Does Emmett Till Deserve a National Monument?

(AP Photo, File)

Joe Biden announced on Saturday that he was creating a national monument to recognize Emmett Till and his mother.

In August 1955, 14-year-old Emmett Till was visiting relatives in the small town of Money, Miss., when Carolyn Bryant Donham, a white woman working in a grocery store, accused Till of giving her a wolf whistle. Many white men in Mississippi at the time considered such attention from a young black man as tantamount to rape.


The subsequent trial found both men not guilty. Bryant later admitted to the crime in an interview with Look Magazine, and Donham claimed she didn’t know what would happen to Till. An unserved warrant for her arrest was found years later.

There is no doubt that what happened to Emmett Till was an abomination — a stain on the conscience and soul of America. But what happened to Till — as brutally and nauseatingly racist as it was — could not be considered “unusual.” That might make a statement about what kind of nation America was in the post-war South, but it certainly didn’t make Till a “hero” any more than the thousands of other black men who were lynched were “heroes.”

There will be several sites set aside to create the Emmett Till and Mamie Till-Mobley National Monument. His mother is being honored for her tireless civil rights advocacy.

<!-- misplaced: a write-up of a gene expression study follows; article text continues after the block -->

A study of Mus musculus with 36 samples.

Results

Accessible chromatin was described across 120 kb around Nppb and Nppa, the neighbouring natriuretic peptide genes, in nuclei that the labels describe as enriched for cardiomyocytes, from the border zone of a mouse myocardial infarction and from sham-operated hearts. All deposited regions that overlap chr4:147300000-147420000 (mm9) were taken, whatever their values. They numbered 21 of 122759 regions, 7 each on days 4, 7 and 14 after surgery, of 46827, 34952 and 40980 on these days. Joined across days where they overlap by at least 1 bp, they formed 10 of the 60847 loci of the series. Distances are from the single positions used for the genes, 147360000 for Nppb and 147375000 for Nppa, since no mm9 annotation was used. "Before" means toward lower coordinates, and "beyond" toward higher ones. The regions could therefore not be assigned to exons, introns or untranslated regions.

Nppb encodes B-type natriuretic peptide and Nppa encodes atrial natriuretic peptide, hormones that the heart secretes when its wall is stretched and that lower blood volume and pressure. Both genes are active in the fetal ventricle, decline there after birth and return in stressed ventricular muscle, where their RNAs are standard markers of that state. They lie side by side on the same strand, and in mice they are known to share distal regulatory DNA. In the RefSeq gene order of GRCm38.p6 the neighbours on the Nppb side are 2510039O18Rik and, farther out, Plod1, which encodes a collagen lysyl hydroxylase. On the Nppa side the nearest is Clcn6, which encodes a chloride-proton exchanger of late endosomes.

Associated Press:

The monument to Till and his mother will include three sites in the two states.

The Illinois site is Roberts Temple Church of God in Christ in Bronzeville, a historically Black neighborhood on Chicago’s South Side. Thousands of people gathered at the church to mourn Emmett Till in September 1955.

The Mississippi locations are Graball Landing, believed to be where Till’s mutilated body was pulled from the Tallahatchie River, and the Tallahatchie County Second District Courthouse in Sumner, Mississippi, where Till’s killers were tried and acquitted by an all-white jury.


National monuments are nationally significant lands and waters set aside for permanent protection. These public lands are similar to national parks in many ways, with some key differences.

Are national monuments statues or buildings?

No. Although many national monuments contain memorials or historic structures, these sites protect areas of land and/or water, similar to other kinds of national park sites, and are not individual statues.

There is no doubt that Emmett Till is a powerful symbol of the civil rights movement in America. His death — and the advocacy of his mother — shocked decent people across the country and galvanized a generation of civil rights leaders.

So why not build a museum? Or get Congress to create a national park in Mississippi? It would seem to be that either or both of those options would be a more fitting remembrance for the young man and his mother.

But only the president can create a national monument.

Congress can create any kind of national park site by passing legislation designating the specified park.

U.S. presidents can only create national monuments by using the authority granted to them by Congress in the Antiquities Act of 1906. Thus national monuments are usually, but not always, created by the executive branch rather than the legislative branch of government.